The U.S. has deployed an additional 400 U.S. Marines, 10 F-18 Hornet fighter jets and a pair of Hercules transport aircraft to eastern European this week amid Russia’s ongoing invasion of Ukraine.
On Tuesday, Pentagon Press Secretary John Kirby announced around 200 Marines from Marine Air Control Group 28, based at Marine Corps Air Station Cherry Point, North Carolina had been repositioned to the eastern European country of Lithuania. Kirby said an additional 200 more Marines would also deploy in eastern Europe, with about 10 F-18 Hornets from Beaufort, South Carolina and “a couple of Marine Corps C-130s.”
Kirby announced the new deployments a day after announcing the deployment of six U.S. Navy EA-18G Growler electronic attack jets from Electronic Attack Squadron VAQ-134 “Garudas,” to Spangdahlem Air Base in Germany.
Kirby said the new Marine deployments are not specifically attached to the North Atlantic Treaty Organization (NATO) Response Force, but were being deployed separately, albeit in coordination with the alliance.
This latest deployment announcement brings the total number of U.S. troops deployed in response to Russia’s invasion of Ukraine to more than 12,000, according to Marine Corps Times.
Other U.S. units deployed in response to the Ukraine invasion include 4,700 U.S. Army paratroopers 82nd Airborne Division to Poland; 3,800 soldiers from 1st Armored Brigade Combat Team, 3rd Infantry Division, and its sustainment unit to Germany; 1,000 soldiers from the 2nd Cavalry Regiment to Romania; 800 soldiers from the 173rd Airborne Brigade Combat Team to Latvia; 300 members of the Army’s V Corps to Germany and Poland; 300 soldiers from the XVIII Airborne Corps to Germany; 300 ordnance and maintenance soldiers to Germany; 150 airmen from a KC-135 Stratotanker squadron from Fairchild Air Force Base, Washington, to Spangdahlem, Germany; 100 F-35 Lightning II air crew and maintainers to Estonia, Lithuania and Romania; 100 AH-64 Apache air crew and maintainers to Poland and other Baltic countries; and 40 members of an Army air support operations unit to Romania and Poland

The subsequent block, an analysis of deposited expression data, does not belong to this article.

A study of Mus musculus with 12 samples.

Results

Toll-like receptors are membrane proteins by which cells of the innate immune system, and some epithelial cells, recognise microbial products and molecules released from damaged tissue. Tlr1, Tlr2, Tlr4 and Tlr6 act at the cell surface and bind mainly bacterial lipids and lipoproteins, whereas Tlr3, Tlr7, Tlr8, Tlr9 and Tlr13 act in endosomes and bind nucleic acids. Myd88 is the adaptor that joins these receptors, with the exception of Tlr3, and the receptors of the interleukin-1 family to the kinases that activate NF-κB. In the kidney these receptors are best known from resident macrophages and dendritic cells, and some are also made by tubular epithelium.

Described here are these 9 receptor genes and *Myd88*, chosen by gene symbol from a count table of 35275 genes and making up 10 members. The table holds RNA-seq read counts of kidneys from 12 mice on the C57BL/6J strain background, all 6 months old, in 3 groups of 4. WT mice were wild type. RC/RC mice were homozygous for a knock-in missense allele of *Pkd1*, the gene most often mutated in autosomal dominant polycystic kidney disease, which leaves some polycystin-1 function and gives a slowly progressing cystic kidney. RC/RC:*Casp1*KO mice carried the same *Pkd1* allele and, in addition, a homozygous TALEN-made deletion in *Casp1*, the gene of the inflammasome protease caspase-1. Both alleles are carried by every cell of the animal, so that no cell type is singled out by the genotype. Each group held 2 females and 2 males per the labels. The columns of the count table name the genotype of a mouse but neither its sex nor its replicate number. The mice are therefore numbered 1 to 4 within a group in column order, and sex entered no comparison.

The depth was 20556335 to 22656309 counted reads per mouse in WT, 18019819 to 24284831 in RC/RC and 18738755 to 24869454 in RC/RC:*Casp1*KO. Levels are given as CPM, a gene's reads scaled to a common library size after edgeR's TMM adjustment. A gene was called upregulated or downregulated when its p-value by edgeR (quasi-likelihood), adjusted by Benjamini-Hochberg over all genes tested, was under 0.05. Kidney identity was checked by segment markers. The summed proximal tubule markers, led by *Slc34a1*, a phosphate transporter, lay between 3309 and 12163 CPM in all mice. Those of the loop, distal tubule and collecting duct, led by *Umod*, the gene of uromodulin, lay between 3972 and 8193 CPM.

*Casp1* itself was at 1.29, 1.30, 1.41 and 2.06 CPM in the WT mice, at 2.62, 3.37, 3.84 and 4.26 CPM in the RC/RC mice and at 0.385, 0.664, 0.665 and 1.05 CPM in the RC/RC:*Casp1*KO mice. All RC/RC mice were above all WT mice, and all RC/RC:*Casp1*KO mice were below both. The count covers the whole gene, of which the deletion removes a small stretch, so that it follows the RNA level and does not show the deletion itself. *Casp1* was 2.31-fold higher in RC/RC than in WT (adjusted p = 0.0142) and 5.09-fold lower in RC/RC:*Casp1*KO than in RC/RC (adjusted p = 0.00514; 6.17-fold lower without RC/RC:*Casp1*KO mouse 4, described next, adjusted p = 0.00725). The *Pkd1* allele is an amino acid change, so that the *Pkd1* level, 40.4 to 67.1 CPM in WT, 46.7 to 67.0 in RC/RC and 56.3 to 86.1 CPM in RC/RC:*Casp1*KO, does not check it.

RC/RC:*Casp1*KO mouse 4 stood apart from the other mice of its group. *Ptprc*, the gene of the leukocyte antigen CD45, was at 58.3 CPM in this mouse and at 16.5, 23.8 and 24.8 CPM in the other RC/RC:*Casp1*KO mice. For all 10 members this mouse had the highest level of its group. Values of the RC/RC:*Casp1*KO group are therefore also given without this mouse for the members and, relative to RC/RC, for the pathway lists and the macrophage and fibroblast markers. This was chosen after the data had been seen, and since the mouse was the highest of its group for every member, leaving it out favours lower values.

Additional U.S. units have also been placed on “prepare to deploy” notice, which could bring the total number of U.S. response troops in Europe to 14,000.
Kirby said the U.S. does not have an exact figure for how many troops it may deploy in response to the month-old invasion in Ukraine.
“It’s not like, you know, the 14,000 is a goal here,” Kirby said. “The Secretary wanted as many options available to him and to the President. And so, you know, we put some on ‘prepare to deploy’ and we sent some forward. It is about options, it’s not about a number goal. It’s about capabilities and making sure that we’ve got the right capabilities.”